Monday, January 2, 2012

Thankful for Communion by Intimate Participation

So as I start the New Year with thankfulness, I honestly had no idea where to start. I’m actually feeling pretty angry and hurt by many things; however God is showing me a lot in this season.

As we drove home from our 8th Anniversary getaway to Leavenworth, I tried to look out the window and name that one thing to start my New Year’s blog of Thankfulness off with, but the anger and bitterness in my heart kept me from really appreciating the beauty of which I was seeing.

Truth is, I’m hurting, deeply. I feel the strain of awkward relationship, friendships on hold, friendships drowning…Some had to happen this way due to the season we are in, some chose this, some have just naturally evolved here, all painful. I would not have picked this season, I certainly have struggled to call this season “good” but it is the season we are in and I’ve had to fight a lot of lies to see truth and beauty in this season.

As I mentioned in my last blog, I am reading Ann Voskamp’s book “One Thousand Gifts” and felt challenged to blog about what I am thankful for, not as an exercise in discipline but an awareness of how often I don’t appreciate the gifts I have been given. Today, Voskamp wrote a blog about naming 2012 The Year of Koinonia ( I am not a stranger to the word Koinonia because I have a theology loving husband that often goes to the root Greek word to find meaning but I went the quick route of Wiki to come up with articulate definition for this blog…

Koinonia is the anglicisation of a Greek word (κοινωνία) that means communion by intimate participation. The word is used frequently in the New Testament of the Bible to describe the relationship within the Early Christian church as well as the act of breaking bread in the manner which Christ prescribed during the Passover meal [John 6:48-69, Matthew 26:26-28, 1 Corinthians 10:16, 1 Corinthians 11:24]. As a result the word is used within the Christian Church to participate, as Paul says, in the Communion of - in this manner it identifies the idealised state of fellowship and community that should exist - Communion.

Communion by intimate participation, beautiful! It identifies the idealized state of fellowship and community that should exist. So first, thank you Ann Voskamp for the ways in which you write and use imagery that captures my heart and gets me feeling again. Second, I am truly thankful for a small (unbelievably real) community of friendship that God has placed before me in this season. It is real, it is authentic, it is life-giving, and it is full of the gospel.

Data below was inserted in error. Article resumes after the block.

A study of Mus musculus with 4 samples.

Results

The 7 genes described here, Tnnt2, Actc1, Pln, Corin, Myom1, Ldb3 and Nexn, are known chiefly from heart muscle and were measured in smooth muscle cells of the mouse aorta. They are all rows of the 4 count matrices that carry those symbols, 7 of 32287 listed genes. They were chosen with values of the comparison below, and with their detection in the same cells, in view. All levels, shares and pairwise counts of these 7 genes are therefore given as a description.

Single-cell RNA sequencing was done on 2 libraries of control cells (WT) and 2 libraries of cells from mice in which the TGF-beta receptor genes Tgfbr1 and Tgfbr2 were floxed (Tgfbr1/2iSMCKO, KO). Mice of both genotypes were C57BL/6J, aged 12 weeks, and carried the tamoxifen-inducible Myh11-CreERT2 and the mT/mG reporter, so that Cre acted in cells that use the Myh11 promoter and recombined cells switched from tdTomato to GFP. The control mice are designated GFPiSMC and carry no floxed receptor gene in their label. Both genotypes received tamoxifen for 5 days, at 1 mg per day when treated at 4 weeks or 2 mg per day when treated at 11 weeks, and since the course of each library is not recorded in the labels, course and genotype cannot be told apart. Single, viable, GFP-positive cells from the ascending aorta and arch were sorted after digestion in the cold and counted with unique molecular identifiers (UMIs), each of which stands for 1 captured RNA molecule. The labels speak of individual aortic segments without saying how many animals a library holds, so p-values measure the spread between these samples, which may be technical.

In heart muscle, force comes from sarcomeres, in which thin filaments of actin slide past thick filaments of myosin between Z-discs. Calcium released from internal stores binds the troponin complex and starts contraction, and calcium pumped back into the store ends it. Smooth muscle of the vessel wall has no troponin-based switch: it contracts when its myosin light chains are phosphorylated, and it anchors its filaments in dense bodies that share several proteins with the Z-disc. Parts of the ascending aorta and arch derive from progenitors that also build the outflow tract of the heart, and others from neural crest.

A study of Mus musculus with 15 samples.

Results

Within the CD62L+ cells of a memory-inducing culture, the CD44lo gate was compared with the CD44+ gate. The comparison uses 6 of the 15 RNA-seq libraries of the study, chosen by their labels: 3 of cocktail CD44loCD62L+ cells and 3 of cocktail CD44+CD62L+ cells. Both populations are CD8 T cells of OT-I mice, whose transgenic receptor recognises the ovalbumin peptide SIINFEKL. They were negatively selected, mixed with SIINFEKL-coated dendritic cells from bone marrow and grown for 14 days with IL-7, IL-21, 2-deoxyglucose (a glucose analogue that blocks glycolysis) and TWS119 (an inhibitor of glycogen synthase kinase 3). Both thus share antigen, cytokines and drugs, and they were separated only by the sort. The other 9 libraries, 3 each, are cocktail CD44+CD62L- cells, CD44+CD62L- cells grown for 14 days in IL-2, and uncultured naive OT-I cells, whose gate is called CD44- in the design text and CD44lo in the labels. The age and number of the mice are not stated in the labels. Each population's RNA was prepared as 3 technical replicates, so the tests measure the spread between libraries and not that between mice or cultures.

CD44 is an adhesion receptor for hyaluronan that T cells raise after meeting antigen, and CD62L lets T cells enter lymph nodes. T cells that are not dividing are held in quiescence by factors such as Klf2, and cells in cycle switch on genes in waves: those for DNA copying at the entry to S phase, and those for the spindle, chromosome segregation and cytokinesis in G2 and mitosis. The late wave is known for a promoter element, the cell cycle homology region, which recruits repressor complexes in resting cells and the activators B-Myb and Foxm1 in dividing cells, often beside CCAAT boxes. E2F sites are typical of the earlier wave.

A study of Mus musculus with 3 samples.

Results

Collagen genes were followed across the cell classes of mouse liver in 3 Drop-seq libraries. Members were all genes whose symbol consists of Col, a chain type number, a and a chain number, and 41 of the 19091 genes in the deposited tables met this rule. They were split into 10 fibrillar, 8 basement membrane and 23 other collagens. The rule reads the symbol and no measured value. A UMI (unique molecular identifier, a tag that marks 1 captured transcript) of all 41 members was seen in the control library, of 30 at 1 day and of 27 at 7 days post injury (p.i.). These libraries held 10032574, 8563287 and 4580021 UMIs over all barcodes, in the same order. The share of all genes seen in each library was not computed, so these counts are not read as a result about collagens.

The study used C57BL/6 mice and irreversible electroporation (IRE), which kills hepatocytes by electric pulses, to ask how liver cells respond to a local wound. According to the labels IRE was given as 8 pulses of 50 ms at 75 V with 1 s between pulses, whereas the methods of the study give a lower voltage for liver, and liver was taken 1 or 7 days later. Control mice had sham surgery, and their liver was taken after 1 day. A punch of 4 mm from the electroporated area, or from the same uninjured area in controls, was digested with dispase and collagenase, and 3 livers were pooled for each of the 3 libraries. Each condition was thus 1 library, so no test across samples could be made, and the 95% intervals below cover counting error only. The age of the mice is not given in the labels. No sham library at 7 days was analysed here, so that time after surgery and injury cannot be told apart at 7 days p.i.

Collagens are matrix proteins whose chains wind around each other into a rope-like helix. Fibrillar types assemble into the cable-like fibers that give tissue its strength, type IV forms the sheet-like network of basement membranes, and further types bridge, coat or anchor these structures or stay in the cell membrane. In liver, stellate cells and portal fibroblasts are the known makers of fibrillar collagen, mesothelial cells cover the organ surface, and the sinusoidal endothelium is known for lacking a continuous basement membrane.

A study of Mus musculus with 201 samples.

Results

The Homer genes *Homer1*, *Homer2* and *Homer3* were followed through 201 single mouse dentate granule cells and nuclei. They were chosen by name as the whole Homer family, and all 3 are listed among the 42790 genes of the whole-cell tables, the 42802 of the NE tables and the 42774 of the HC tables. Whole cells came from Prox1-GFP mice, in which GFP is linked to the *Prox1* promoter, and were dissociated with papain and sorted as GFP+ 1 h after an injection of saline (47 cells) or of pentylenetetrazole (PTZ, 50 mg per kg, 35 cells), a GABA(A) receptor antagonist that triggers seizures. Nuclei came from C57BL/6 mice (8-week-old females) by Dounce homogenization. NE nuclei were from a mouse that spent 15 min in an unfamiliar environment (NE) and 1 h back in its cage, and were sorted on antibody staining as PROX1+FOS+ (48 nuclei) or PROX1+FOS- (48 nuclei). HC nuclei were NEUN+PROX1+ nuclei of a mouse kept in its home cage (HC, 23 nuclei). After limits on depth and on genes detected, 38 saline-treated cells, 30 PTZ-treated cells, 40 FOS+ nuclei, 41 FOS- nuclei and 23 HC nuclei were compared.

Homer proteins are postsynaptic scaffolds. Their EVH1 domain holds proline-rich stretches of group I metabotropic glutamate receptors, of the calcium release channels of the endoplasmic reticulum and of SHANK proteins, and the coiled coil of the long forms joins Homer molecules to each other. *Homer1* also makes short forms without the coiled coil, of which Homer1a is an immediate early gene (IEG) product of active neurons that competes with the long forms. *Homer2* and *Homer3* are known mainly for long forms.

This small group of friends (all individually) have reached in and continued to pursue, love, seek, and seek, and seek. All have continued to let us know they are here and desire to know how to love and serve us. They have not been ok with “we are good” answers and when they receive the “we are good” answers continue to camp out on our couch or in or voicemails or in our emails waiting until we can give an honest and authentic response to “how are you doing”? This group of friends have let us stir and struggle in our sin and confusion and have gently pointed us to the cross and helped us see where we are in sin and where what we are experiencing is a righteous anger. They have allowed us to process and vent and not let it be a stumbling block for them. This group of friends span along the I5 corridor and have lived closely and intimately with us as well as from a far.

I am thankful for their regular calls, their regular emails, and their regular invitations. Sometimes it’s seeking and sometimes it’s just waiting or listening. I am thankful for them either way. I am thankful that God has given us the right kind of community at the right time in our life. I am also thankful that He has called us to some friendships in their time of need and that He doesn’t leave it to me to define.

This second day of 2012 I am most thankful for the friendships we have in this season and pray that I can be a godly friend in return.